RFID Gives Sports Memorabilia Stamp of Authenticity

By Claire Swedberg

Prova Group offered its RFID-enabled authentication service to thousands of collectors at a recent sports collectibles convention, providing electronic guarantees that autographs were genuine.


Prova’s RFID system authenticated about 4,000 autographs from athletes signing at the event. The collectors obtained RFID tags printed at the show, then affixed them to the items so they have physical and electronic records proving the autographs are genuine.

The collectibles industry has always been vulnerable to fraud. Autograph verifiers—people who visually analyze submitted signatures and compare them with bona fide autographs—can be used to verify an inscription’s authenticity, but they can make mistakes. Holograms, commonly used to guarantee an autograph is genuine, can be counterfeited. And paper certifications of authenticity (COAs), issued at the time an autograph is signed, can’t guarantee the collectible named in the certificate is the same item being sold. Prova’s RFID solution attempts to provide the best proof possible that an autograph is authentic.

At the Dallas show, collectors wanting to use the service visited a registration area where Prova employees inputted each collector’s name and address into a database, as well as the label’s unique RFID identifying number and a description of the item to which it would be attached. The RFID tag was then affixed to the item to be signed.

For larger items, such as footballs or shirts, Prova issued high-frequency (HF) 13.56 MHz passive tags complying with ISO standard 15693, that measured about 1 inch by 1 inch. The company issued EPC Gen 2 tags, measuring about 1 inch by ¼ inch, for smaller items such as trading cards or baseballs. Both types of tags are made by X-ident Technology, contain RFID chips from Texas Instruments and are designed so that if a tag were removed from an item, its antenna would be broken, rendering the tag inoperable.

Once the tags were affixed to the items, the collectors visited the athletes, including former NFL stars Emmitt Smith, Troy Aikman, Michael Irvin, Joe Montana, Jerry Rice, Gayle Sayers, Earl Campbell and Thurman Thomas. After having an item autographed, each collector moved along to another Prova employee stationed nearby, who witnessed the signings. That employee used a handheld RFID interrogator from Sirit to read each tag, documenting its unique ID number, then wrote the date and time on the tag’s chip and locked it so its data could not be changed.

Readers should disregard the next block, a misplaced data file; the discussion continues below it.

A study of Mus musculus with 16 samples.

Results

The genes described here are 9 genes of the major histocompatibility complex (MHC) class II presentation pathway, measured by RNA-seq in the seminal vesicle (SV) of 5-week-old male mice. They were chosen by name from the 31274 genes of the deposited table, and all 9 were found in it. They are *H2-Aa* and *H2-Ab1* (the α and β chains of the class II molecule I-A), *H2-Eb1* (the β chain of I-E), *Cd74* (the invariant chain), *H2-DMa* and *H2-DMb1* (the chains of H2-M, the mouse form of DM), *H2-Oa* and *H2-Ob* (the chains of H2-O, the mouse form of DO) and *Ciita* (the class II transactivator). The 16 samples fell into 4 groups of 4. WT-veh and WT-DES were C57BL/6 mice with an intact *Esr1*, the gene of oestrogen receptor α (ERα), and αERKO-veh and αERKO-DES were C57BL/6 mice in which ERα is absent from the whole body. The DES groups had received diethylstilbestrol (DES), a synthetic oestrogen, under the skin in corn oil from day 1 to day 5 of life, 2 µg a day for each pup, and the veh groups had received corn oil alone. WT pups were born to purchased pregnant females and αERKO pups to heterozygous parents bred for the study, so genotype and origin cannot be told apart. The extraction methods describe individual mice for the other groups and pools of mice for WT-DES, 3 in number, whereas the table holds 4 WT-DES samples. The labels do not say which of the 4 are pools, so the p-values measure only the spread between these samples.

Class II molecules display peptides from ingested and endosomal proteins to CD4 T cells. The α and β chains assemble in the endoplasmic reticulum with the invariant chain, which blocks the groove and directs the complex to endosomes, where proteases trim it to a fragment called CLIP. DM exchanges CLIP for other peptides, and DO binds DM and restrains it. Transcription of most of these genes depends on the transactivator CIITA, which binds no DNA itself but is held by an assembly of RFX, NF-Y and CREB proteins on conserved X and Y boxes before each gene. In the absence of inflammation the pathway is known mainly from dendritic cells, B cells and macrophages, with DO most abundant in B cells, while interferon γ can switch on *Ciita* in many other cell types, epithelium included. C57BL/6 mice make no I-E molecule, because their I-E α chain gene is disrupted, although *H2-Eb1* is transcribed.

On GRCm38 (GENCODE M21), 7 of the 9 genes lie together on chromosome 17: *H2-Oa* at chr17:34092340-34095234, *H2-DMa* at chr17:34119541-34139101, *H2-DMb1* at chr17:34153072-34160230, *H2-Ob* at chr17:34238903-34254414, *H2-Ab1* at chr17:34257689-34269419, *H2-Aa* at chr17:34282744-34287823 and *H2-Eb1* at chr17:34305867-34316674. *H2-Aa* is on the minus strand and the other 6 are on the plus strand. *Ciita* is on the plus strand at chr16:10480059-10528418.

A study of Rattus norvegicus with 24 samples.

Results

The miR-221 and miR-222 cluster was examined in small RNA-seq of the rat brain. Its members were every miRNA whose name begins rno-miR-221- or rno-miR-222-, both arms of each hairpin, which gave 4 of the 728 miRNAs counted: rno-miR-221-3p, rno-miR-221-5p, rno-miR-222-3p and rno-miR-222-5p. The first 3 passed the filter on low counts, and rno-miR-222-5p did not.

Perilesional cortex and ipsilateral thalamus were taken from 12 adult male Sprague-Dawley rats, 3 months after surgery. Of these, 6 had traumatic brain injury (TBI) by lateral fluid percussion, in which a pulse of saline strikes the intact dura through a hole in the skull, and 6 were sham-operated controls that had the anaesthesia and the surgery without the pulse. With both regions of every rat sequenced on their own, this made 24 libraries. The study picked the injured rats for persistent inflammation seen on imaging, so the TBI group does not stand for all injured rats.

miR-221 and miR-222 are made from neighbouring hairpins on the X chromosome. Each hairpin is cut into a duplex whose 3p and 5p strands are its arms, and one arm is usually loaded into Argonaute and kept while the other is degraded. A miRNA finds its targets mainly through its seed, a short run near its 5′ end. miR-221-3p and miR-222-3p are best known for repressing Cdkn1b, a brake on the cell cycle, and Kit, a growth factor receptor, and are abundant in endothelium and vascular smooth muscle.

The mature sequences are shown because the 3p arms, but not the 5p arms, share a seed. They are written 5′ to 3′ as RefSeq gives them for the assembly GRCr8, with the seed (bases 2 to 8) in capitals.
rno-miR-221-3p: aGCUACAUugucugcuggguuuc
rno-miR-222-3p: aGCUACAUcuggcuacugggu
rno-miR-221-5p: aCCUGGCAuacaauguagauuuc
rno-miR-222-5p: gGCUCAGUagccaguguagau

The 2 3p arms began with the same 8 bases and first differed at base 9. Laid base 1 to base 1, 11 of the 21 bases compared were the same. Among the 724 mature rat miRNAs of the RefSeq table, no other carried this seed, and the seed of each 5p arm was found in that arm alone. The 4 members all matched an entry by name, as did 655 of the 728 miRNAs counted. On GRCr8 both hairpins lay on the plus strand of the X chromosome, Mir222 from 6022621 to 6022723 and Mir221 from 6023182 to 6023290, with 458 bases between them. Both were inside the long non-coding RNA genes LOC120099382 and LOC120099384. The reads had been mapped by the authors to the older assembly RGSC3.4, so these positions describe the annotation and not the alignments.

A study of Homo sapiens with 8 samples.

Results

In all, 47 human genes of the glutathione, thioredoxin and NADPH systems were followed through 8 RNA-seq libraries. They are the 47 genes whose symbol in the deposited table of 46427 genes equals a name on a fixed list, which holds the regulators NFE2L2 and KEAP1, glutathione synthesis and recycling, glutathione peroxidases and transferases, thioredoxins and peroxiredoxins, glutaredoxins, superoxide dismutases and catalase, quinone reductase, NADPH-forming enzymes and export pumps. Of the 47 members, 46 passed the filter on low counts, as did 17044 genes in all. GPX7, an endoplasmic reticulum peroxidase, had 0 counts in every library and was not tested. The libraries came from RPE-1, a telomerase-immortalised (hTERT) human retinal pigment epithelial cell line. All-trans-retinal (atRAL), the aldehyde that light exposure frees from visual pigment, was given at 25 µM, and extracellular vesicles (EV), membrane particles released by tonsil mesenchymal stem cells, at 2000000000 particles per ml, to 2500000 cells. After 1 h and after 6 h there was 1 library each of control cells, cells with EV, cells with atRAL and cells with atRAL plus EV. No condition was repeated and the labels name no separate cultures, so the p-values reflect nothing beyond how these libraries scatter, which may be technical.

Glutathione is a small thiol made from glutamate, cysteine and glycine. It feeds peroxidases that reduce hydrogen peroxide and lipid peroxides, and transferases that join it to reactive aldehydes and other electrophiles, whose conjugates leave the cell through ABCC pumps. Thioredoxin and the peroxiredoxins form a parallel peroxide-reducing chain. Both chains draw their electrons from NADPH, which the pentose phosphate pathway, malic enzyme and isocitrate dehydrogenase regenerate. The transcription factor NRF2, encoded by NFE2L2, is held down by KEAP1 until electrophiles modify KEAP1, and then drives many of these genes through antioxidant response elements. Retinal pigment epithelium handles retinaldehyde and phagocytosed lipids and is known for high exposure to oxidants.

At the end of the day, Prova downloaded all data from the handheld devices into its database, then posted the authentication information (such as the date of the autograph and the name of the signer) on its Web site. Collectors can access the information by entering their name and a password.

The Web site provides the collector with electronic proof that the autograph on an item in their possession was obtained legitimately, says Daniel Werner, Prova’s marketing and business VP. “Prova decided early on to create a system that works at the moment of the signing,” Werner says, “that would put authentication in a database and lock that information onto an RFID tag.”

Prova’s RFID-enabled autograph-certification system was available to collectors at previous Football Spectacular Shows in New Jersey, but this year’s Dallas event was the largest Prova has been involved with, Werner says. The company is now in discussion to participate in similar events in other parts of the country in 2008.

The Dallas event provided Prova with an opportunity to improve its service, Werner says. “We want to find ways to do an even easier registration,” he states. “We want to make the process seamless for the sports fan.” For instance, the company is researching ways to capture a collector’s name, address and other information without having to manually enter it into the system.